Ajiaco is a potato soup from Colombia. Although several regions of Colombia have their distinct recipe, the most famous is ajiaco santafereño, named after Santa Fé de Bogotá, the capital of Colombia, where it is a cultural mainstay. It typically contains pieces of chicken on the bone, large chunks of corn on the cob, two or three kinds of native potatoes (tiny papas criollas that fall apart and thicken the soup, the waxy sabanera and/or the soft pastusa), and guasca (Galinsoga parviflora), a weedy, aromatic herb common in all America that lends the dish part of its distinctive flavour.
The soup is typically served with heavy cream, capers and avocado, all mixed in just before eating in the proportions each individual prefers. Ajiaco is so heavy that, served with a side of white rice, it is usually considered a full meal. In the highly regional Colombian cuisine, this is the dish most representative of Bogotá.
In recent years, guascas have become easier to find in Latin American groceries in the US. Though purists may insist on using genuine guascas, others might substitute oregano in a pinch.
Soups called ajiaco can be found in other regions of Latin America, though some share almost nothing with the traditional bogotano recipe apart from the name. The name is likely derivative of the word ají, a Taíno word for “hot pepper” which has become generalized in South American Spanish (equivalent to chile in Mexican Spanish). Though the modern Colombian ajiaco contains no ají, it is probably derived from spicier indigenous dishes.
Ajiaco is also a Cuban recipe, a kind of stew. Cuban ethnologist Fernando Ortiz once defined the country as an ajiaco, alluding to the role that Spanish, African and Chinese cultures had in the definition of the national identity. For Cubans, ajiaco also means something that contains many ingredients. Ajiaco, http://en.wikipedia.org/w/index.php?title=Ajiaco&oldid=235052572
* 1 whole skin-on bone-in chicken breast (approximately 750g)
* 1 l chicken broth
* 1 onion, peeled
* 2 scallions (white part and first 2 cm of green)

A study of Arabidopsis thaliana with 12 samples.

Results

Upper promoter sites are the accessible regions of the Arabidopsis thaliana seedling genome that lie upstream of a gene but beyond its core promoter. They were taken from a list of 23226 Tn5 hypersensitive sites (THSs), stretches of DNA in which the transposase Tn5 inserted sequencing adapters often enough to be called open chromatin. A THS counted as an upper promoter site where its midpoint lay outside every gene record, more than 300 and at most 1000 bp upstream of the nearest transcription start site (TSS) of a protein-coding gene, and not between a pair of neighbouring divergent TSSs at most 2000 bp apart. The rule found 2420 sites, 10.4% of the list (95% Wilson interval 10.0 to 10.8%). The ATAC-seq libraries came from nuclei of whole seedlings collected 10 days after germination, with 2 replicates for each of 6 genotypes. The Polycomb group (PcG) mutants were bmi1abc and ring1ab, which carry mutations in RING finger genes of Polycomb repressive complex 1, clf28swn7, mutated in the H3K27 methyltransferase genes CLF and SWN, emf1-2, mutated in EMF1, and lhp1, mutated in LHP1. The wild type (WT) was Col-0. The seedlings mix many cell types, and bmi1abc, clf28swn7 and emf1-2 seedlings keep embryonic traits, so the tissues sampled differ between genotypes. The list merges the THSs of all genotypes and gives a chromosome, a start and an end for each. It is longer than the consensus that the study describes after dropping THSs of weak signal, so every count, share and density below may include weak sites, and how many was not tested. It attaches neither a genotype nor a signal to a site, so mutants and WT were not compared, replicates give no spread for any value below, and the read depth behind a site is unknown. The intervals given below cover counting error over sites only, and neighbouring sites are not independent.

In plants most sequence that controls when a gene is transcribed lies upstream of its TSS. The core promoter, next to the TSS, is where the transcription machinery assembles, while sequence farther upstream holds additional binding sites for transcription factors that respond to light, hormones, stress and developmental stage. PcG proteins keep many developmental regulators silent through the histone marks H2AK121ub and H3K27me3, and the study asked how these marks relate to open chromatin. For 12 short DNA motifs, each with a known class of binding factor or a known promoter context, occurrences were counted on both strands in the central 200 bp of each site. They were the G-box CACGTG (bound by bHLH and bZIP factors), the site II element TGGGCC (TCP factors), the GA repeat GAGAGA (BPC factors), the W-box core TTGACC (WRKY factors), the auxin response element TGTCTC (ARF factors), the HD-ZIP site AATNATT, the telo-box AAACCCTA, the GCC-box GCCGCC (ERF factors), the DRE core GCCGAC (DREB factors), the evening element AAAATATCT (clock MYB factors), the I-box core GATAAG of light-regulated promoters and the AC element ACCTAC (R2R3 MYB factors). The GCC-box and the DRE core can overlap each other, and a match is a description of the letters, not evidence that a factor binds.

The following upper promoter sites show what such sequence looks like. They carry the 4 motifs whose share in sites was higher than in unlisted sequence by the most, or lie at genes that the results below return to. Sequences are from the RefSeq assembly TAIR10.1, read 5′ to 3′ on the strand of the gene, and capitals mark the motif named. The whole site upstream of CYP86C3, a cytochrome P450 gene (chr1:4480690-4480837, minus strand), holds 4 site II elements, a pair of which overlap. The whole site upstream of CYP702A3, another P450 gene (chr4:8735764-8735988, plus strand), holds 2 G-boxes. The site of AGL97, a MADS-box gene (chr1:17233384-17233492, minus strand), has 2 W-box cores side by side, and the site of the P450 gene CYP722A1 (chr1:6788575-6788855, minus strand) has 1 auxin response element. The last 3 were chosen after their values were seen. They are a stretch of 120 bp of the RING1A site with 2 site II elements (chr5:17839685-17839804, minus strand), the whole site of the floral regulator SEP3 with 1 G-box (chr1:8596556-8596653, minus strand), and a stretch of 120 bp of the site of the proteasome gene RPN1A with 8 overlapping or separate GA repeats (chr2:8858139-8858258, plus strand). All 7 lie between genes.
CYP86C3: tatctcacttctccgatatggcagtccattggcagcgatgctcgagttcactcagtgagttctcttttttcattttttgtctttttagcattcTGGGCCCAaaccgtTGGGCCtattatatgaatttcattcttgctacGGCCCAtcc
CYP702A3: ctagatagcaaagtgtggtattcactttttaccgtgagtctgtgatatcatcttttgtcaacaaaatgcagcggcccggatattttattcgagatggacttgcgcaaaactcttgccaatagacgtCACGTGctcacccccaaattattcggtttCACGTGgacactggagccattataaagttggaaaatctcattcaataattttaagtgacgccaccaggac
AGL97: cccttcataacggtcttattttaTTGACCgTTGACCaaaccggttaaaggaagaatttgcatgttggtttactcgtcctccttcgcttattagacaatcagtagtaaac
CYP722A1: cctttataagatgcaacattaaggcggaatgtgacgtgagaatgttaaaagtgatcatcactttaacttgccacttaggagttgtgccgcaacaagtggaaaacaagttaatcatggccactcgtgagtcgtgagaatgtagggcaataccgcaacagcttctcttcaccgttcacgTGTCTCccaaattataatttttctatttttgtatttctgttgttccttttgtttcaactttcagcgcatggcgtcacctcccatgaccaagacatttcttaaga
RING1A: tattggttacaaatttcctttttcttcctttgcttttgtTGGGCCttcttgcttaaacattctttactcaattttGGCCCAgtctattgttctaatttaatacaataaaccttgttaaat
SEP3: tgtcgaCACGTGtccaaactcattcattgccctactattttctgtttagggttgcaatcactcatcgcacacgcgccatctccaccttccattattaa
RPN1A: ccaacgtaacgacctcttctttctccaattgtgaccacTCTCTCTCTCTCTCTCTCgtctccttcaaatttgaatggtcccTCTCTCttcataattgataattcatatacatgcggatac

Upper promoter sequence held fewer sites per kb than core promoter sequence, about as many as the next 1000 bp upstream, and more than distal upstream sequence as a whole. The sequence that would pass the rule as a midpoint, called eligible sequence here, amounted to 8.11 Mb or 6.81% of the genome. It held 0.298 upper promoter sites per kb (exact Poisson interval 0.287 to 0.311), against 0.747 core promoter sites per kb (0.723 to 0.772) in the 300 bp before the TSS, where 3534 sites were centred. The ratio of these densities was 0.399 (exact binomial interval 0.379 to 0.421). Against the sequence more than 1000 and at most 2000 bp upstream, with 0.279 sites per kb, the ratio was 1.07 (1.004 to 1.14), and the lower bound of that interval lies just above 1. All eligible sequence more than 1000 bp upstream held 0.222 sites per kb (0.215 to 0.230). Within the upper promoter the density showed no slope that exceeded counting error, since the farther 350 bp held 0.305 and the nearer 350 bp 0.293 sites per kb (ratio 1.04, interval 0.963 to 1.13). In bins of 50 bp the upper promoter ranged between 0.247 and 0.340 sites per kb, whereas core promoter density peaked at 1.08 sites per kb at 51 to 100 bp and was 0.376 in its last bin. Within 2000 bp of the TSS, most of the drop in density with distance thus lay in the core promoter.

* 2 carrots, peeled
* 4 cloves garlic, peeled
* 1 bay leaf
* 3 ml dried thyme
* 2 ml ground cumin
* 4 sprigs fresh cilantro
* 10 black peppercorns
* 5 ml tomato paste
* .5 kg small yellow potatoes. peeled
* .5 kg small purple potatoes. peeled
* .5 kg mashing potatoes, peeled and sliced 2 cm thickness
* 1 l water
* 2 ml of beef bullion granules
* .25 ml of frozen peas
* 4 ears of corn, quartered lengthwise and cooked
* 10 ml of whipping cream mixed with 10 ml of créme fraíche
* 2 ripe but firm Hass avocados, peeled, pitted and cut into eight slices right before serving
* 10 ml of finely chopped cilantro
1. Combine chicken, broth, onions, scallions, carrots, garlic, bay leaf, thyme, cumin, cilantro and peppercorns in large sauce pan and bring to a boil. Skim off froth as it rises. Reduce heat to low and cover when frothing finishes.
2. Remove and reserve chicken after it is cooked through (approximately 20 minutes).
3. Strain broth through sieve and return to pot, boil again over medium heat. Reserve carrots.
4. Add tomato paste and yellow and purple potatoes. Cover and cook until potatoes are soft (approximately 20 minutes).
5. While yellow and purple potatoes are cooking, boil sliced mashing potatoes in water and beef bullion in separate pot. Once boiling, reduce to medium heat until potatoes start to fall apart (approximately 30 minutes).
6. Drain and reserve a quarter of the slices and mash the rest of the sliced potatoes. Add mashed and sliced potatoes to soup.
7. Remove bones and skin from chicken and discard. Cut chicken into strips 1 cm wide and 3 cm long.
8. Add chicken and peas to soup and simmer for 5 minutes. Slice the carrots into .5 cm thick rounds and add back into soup. Salt to taste.
9. Serve hot with garnishes available.